EURA is proud to announce the 2nd edition of its annual conference, “Regulating UncertAInty”!
The Conference will be held on Zoom on the 8th and 9th of April 2021.
REGISTER at https://zoom.us/webinar/register/WN_Qtqcd7RuTaSviDu7cDGMcA
We will discuss the different questions involved in the regulation of artificial intelligence against intrinsically uncertain scenarios, and in particular:
I. THE RELATIONSHIP BETWEEN LAW AND ETHICS
Often, when debating the regulation of AI, ethics and law are brought together. Indeed, social sciences influence one another. Ethical considerations ground legal norms, even the most fundamental ones. However, each domain has its specificities. Philosophical considerations are not constrained within the academic debate.
To the contrary, the law has a solid hierarchy that defines the relationship between norms and determines how the conflicts among opposing interests are to be composed. Constitutional principles and fundamental rights might not be violated, affected, nor limited in any way by norms of lesser value.
For the same reason, the philosophical frameworks that may conflict with said fundamental rights and principles are not admissible in the policy debate aimed at developing – either soft or hard – law solutions, also in the field of AI.
Yet, philosophy is often said to be capable of influencing the interpretation of norms and to fill the gaps left by the legal system, adding additional criteria that might further specify what is desirable and commendable in a given circumstance.
This complex interaction of law and philosophy, so strongly recalled in the field of technology regulation, deserves a more attentive theoretical debate and assessment, too often neglected due to the speed at which the policy debate in this matter occurs. Indeed, it is very necessary not only for its possible theoretical implications, but also – and primarily – for the consequences it would most certainly bring in its application.
II. GOOD REGULATION: GLOBAL VS LOCAL, HARD VS SOFT
A fundamental question to be addressed when designing «good regulation» – one capable of taming technological innovation – revolves around the level at which the latter shall be adopted: namely, if it shall be developed at an international, European or local level. The matter does not lead itself to simple, one-size-fits-all answers, and deserves to be carefully addressed under multiple perspectives.
With the cross-border relevance of technological development, deployment and commercialization, as well as the social impacts deriving therefrom, legal systems cannot help being called upon to deal with AI applications which have been developed abroad. While a unitary regulatory framework would benefit ease and enhance the commercialization of different products across the globe and reduce transaction costs, yet uniform regulations, may be difficult to achieve, and is better seen as a dynamic project complementary to more local-centred regulation, and may be more apt for certain profiles of regulation – namely technical standards – than others.
Although soft law and hard law often work in collaboration , the latter mainly operates through legal harmonization – such as the already recalled GDPR – and international agreements – such as the much-contested Privacy Shield –. However, the wider the geographical and political scope of these instruments is, the more limited the object of their convergence will be, often covering only some elementary content, which is insufficient for governing such complex matters.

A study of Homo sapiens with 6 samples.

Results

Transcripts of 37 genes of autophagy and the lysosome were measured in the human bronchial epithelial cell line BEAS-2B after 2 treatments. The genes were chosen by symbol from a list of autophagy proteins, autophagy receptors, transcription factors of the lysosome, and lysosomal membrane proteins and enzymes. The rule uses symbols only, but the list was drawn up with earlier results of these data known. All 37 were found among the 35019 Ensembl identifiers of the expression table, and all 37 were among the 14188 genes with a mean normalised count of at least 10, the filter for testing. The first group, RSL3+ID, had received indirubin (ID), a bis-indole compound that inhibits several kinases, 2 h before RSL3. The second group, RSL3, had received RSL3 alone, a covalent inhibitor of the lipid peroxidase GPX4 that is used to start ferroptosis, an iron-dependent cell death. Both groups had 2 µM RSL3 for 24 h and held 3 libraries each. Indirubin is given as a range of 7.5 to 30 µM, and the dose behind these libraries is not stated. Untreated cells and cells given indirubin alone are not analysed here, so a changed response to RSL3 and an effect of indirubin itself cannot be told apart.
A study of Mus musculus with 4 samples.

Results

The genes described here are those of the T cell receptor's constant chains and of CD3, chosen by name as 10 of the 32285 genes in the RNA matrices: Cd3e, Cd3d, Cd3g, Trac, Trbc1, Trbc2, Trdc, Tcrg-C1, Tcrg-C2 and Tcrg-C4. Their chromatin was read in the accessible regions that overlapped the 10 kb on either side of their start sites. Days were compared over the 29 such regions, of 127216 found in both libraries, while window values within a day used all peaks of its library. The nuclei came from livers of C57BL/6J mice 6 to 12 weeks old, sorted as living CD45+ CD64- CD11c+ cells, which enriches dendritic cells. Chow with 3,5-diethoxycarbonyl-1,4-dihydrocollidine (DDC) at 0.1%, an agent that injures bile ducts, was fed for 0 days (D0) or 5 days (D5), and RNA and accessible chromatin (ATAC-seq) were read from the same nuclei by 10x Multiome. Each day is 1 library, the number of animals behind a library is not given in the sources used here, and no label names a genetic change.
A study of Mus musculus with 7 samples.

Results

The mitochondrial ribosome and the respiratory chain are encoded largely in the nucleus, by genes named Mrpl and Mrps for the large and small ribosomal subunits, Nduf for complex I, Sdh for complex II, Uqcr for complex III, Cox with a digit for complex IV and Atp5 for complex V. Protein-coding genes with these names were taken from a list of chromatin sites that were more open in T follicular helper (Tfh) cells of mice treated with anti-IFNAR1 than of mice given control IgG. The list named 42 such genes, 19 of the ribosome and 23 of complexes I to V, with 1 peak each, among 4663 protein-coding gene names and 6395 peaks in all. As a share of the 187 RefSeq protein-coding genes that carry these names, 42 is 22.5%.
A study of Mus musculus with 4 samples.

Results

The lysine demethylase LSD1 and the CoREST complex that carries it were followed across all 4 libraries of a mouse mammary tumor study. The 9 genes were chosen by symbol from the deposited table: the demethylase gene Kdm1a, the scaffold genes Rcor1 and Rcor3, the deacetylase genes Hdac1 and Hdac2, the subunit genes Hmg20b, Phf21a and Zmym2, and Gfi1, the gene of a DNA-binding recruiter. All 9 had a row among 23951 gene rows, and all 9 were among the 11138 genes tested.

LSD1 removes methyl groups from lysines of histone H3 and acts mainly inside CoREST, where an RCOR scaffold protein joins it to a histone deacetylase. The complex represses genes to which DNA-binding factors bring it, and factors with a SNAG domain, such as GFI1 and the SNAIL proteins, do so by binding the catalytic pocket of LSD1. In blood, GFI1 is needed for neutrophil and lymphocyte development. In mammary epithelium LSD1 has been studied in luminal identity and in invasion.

To achieve «good regulation», it is thus fundamental to understand whether there is a specificity in the European approach and to draw a possible differentiation among the EU approach to AI and that of other western countries, such as the US, also reflecting the diverse background that the two have displayed in the field of bioethics.
III. WHEN TO REGULATE
There is no real doubt that regulation will and should occur at some point.
However, determining when to intervene is crucial. Early intervention may be preferred as a way to shape technological development and functionalize it to perceived needs and awaited gains. At the same time, it could be based on partial information, and fail to account for some uses and applications that might then prove of primary importance and widespread use, ultimately failing the correct identification of the object to be regulated.
Nonetheless, delayed intervention could prove even more detrimental, allowing for path dependencies to be created that are non-virtuous if not altogether infringing on individual or collective rights, in a way that first is tolerated then eventually plainly accepted. Market mechanisms might lead – if left completely unrestrained – towards similar outcomes, for individuals – even when formally informed – might find it difficult, if not impossible, to discount all eventual negative effects of possible present and apparent benefits provided by single applications.
IV. AI IN AND VS GLOBAL CHALLENGES
What role can AI play in dealing with climate change and other global challenges? Could AI be a threat, rather than a solution, to coping with global crises such as climate change and pandemics? And if so, what does that mean for the ethics and regulation of AI?
Moreover, is AI ethics and regulation a postcolonial hobby of Western/Northern states, neglecting potentially more urgent issues at a global level? Or is it possible to do ethics of AI and build legal frameworks to regulate AI in a way that is sensitive to concerns people in the Global South/developing countries have? Can AI help these countries to deal with their problems? And who will make the decisions about AI: a handful of powerful Western multinationals? Again: can we find democratic forms of regulation, and what does that mean in a global context of socio-economic, geopolitical, and cultural difference?